A few months ago I bought the book Battle Hymn of the Tiger Mother by Amy Chua. I had heard some talk about this book which it seems discusses the parenting style of Asian mothers and the challenges of doing so in Western societies. I have not even opened the book. It sits on my desk waiting. Its red cover catches my eye as though to remind me, “I’m waiting, I have something to tell you which will scrape away at areas of your life that you would rather not acknowledge right now. You can run, but you cannot hide”.
Most books that I have read have been a guide of sorts regardless of their genre. Books have helped me to define a faith system that balances what is true in my soul and what science has proven to be factual. Books have taken me on adventures that leave a longing within me that will never be satisfied. The written word has caused laughter to erupt from a place deep within me that I never knew existed and words have reduced me to tears.
I began reading with ferocity fairly early. My three older brothers had a very strong influence over the reading material that I chose. The Classics, Biographies, history and sensible fiction and even horror stories were permitted. Romance novels were forbidden and anything resembling a romance novel was justification for verbal humiliation. I’m fairly certain that I can blame them for some deficit in my “girliness” but to this day, I cannot even pick up a book that appears to be a romance novel without some level of shame. I suppose I’ll make a mental note to thank them for that or maybe not.
Early in my life Harper Lee introduced me to my first love, Atticus Finch. Admittedly, I have difficulty separating the book character “Atticus” from the movie character “Atticus” played by Gregory Peck, but who better to hold dear in my heart? Atticus in his dark suits and white starchy shirts pressed by Calpurnia (who was more of a family member than a maid) stood up to racism and small town narrow mindedness and accepted pies and firewood in payment for legal defense. He taught his children to be respectful to the disabled neighbor whose reputation, fueled by ignorance, created fear in the community. Atticus is the man by whom I measure all men. Harper Lee instilled in me a sense of justice, charity and responsibility for my fellow humans. She allowed me to value the perception of life from a child’s eyes. To this day nothing gives me more pure joy than leaving a treasure in the knothole of a tree for Boo Radley or someone else who can appreciate this simple pleasure.
With some level of misfortune my taste in men was also influenced by Charlotte Bronte’s Jane Eyre who introduced the dark and brooding Mr. Rochester. Mr. Rochester was clearly damaged goods and yet his hunger for love made him irresistible. I have a terrible soft spot for the dark and brooding male who I believe can be saved by love. I had difficulty learning that these men rarely come with a happy ending, but sometimes…. Luckily for me, I found my Atticus.
Frank McCourt’s Angela’s Ashes presented me with the dichotomy of humor in the face of a wreckage of his life. McCourt demonstrates the amazing and natural resilience that life holds. Like the plant that grows through the crack in the pavement on the side of the road, McCourt describes a life in which he was repeatedly run over by disappointment, poverty, hunger and betrayal and thrived in spite of it. Perhaps the image that McCourt presents that has imbedded itself most significantly is the image of young Frank McCourt licking the grease from the wax paper left from the fish and chips consumed by someone else. Hunger can result in terrific physical impairment but can also result in tremendous acts of depravity. I have known moments of financial scarcity but I have never known this type of hunger. Unfortunately the hunger described in this book only touches on what is common in many parts of the world and even in the history of people I love.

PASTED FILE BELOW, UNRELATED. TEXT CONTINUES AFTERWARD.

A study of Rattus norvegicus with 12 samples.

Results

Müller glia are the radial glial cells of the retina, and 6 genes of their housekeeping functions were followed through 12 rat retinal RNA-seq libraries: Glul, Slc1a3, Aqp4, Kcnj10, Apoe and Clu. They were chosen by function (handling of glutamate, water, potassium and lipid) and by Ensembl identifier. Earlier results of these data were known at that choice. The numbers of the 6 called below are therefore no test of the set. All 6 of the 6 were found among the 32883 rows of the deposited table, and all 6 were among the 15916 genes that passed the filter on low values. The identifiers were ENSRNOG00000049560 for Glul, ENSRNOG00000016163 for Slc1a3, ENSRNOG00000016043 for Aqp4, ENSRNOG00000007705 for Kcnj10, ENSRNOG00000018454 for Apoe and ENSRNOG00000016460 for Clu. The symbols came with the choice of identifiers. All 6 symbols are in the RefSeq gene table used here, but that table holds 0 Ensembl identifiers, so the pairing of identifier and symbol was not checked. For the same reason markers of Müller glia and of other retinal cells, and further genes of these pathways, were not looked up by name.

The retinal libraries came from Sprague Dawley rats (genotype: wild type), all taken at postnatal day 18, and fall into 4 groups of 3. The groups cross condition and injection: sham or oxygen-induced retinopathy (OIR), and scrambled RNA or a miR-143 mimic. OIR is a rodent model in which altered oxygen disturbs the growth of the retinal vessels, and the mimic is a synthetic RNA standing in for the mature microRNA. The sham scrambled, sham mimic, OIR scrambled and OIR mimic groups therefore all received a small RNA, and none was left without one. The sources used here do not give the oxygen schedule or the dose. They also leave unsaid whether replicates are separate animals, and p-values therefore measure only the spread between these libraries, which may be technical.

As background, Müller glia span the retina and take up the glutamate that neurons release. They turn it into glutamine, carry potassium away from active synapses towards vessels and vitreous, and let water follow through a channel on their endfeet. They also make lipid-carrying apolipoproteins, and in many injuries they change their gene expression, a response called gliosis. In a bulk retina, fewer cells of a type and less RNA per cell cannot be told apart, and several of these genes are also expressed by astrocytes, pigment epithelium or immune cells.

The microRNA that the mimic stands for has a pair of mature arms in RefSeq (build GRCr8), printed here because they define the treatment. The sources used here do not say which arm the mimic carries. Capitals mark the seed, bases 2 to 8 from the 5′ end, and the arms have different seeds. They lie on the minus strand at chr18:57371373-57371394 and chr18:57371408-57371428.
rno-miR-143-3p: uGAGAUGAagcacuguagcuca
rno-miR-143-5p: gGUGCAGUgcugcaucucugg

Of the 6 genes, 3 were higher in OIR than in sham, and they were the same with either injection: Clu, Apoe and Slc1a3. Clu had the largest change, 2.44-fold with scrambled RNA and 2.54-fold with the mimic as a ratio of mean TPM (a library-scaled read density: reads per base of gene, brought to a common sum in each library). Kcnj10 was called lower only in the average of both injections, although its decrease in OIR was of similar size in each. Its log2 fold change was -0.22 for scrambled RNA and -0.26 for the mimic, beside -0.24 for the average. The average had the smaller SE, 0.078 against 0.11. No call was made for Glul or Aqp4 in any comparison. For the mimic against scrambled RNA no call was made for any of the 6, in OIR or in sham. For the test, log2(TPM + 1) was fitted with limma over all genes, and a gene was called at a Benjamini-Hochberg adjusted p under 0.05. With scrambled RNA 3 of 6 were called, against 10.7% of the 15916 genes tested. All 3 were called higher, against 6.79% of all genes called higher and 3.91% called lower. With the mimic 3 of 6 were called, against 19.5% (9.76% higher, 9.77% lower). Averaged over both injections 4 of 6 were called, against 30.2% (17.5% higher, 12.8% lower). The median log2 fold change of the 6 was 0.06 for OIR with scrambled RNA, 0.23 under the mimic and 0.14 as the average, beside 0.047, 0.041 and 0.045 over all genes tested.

John Irving gave me friends that I needed at times when I felt isolated. His characters had a similar philosophy about life. I wanted so much to call them and invite them over for dinner and drinks where we would discuss religion and human nature. Our ideas would blend harmoniously and we would be comforted by the confirmation that we are not alone in our thoughts. Irving writes about love that doesn’t fit in a box and doesn’t play by the rules and yet is real and worthy of acknowledgement. In the book, Cider House Rules I celebrated the courage of Homer who learns that his moralistic judgments, no matter how well founded and logical can’t always be the foundation of law. He learns that there are always exceptions and that that the option of choice cannot be violated.
Perhaps the author whose words have moved me most is the author Norman MacLean, who wrote A River Runs Through It. The ability to truly explain how he has been able to delve into my soul by describing nature and human relationships escapes me. Perhaps the best that I can do is to quote him and be done at that. “Eventually, all things merge into one, and a river runs through it. The river was cut by the world's great flood and runs over rocks from the basement of time. On some of the rocks are timeless raindrops. Under the rocks are the words, and some of the words are theirs. I am haunted by waters.”
Books have been my parent, my guide, my priest, my advisor and my friend. Their words have shaped me, comforted me and enabled me to sleep. They are dependable and unchanging and yet each time I read them they offer me something new. Someday soon, I will find the courage to read Battle Hymn of The Tiger Mother and it too will offer me another layer of myself and a better understanding of someone I love. However, always and forever Betty Smith’s A Tree Grows in Brooklyn will have imparted the sweetest advice; to view life through the eyes of a child and through the branches of a tree.